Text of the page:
The average lifespan of French Bulldogs is 10 to 15 years.
French Bulldogs are a brachycephalic breed. As a result of the compacted airway and the bulk of the French bulldog, they have an inability to effectively regulate their body temperature. While a regular canine may suffer to some degree from the heat, to a Frenchie it may be lethal. It is imperative that they be protected from temperature extremes at all times, and that they always have access to fresh water and shade.
French bulldogs frequently require artificial insemination, and caesarean section to give birth, with over 80% of litters delivered this way. Breeding French Bulldogs is a very time consuming and expensive exercise and should not be taken lightly.
Back and Spine
French bulldogs can suffer from an assortment of back, disk and spinal diseases and disorders, most of which are probably related to the fact that they were selectively chosen from the dwarf examples of the bulldog breed. French bulldogs are prone to having congenital hemivertebrae, which will show on an x-ray.
Frenchies can be susceptible to allergies, especially food allergies. Avoid any dog food containing corn or corn products (have you ever heard of wolves attacking a corn field to eat the corn!). Many Frenchies are allergic to any food that contains any grain or grain product. Chicken can also be a high allergen for some Frenchies, not all. There are now grain free options on the market for dogs who have food allergies. It is very common for Frenchies to lick their feet.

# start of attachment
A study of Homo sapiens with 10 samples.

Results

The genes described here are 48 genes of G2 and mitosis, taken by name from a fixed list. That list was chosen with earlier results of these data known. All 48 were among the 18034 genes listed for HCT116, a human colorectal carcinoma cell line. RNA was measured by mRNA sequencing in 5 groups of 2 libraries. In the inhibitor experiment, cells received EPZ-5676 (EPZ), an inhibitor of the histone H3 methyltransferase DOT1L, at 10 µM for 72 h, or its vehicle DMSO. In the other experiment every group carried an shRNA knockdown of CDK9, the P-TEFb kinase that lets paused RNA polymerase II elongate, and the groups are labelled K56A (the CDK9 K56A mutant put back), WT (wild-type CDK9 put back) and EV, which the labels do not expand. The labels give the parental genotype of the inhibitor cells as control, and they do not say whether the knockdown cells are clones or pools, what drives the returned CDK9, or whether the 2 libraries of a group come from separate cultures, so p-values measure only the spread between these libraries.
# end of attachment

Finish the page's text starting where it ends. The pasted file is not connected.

French bulldogs have a tendency towards eye issues. Cherry eye can sometimes occur, although it is more common in English Bulldogs and Pugs. Glaucoma, retinal fold dysplasia, corneal ulcers and juvenile cataracts are also conditions which have been known to afflict French bulldogs. The skin folds under the eyes of the French bulldog should be cleaned regularly and kept dry. Tear stains are common on lighter-colored dogs.
Reputable breeders do everything they can to produce puppies which are as healthy as possible, but every health screening test in the world still isn’t enough to ensure that nothing will ever happen to your Frenchie. Breathing problems, spinal conditions, allergies, heat stroke, joint problems, Cushings, Addisons, eye problems – they’re out there, and they can happen. Are you prepared to deal with this, if and when it does? Owning a Frenchie is not for the faint of heart – and it’s also not for those who can’t afford good veterinary care.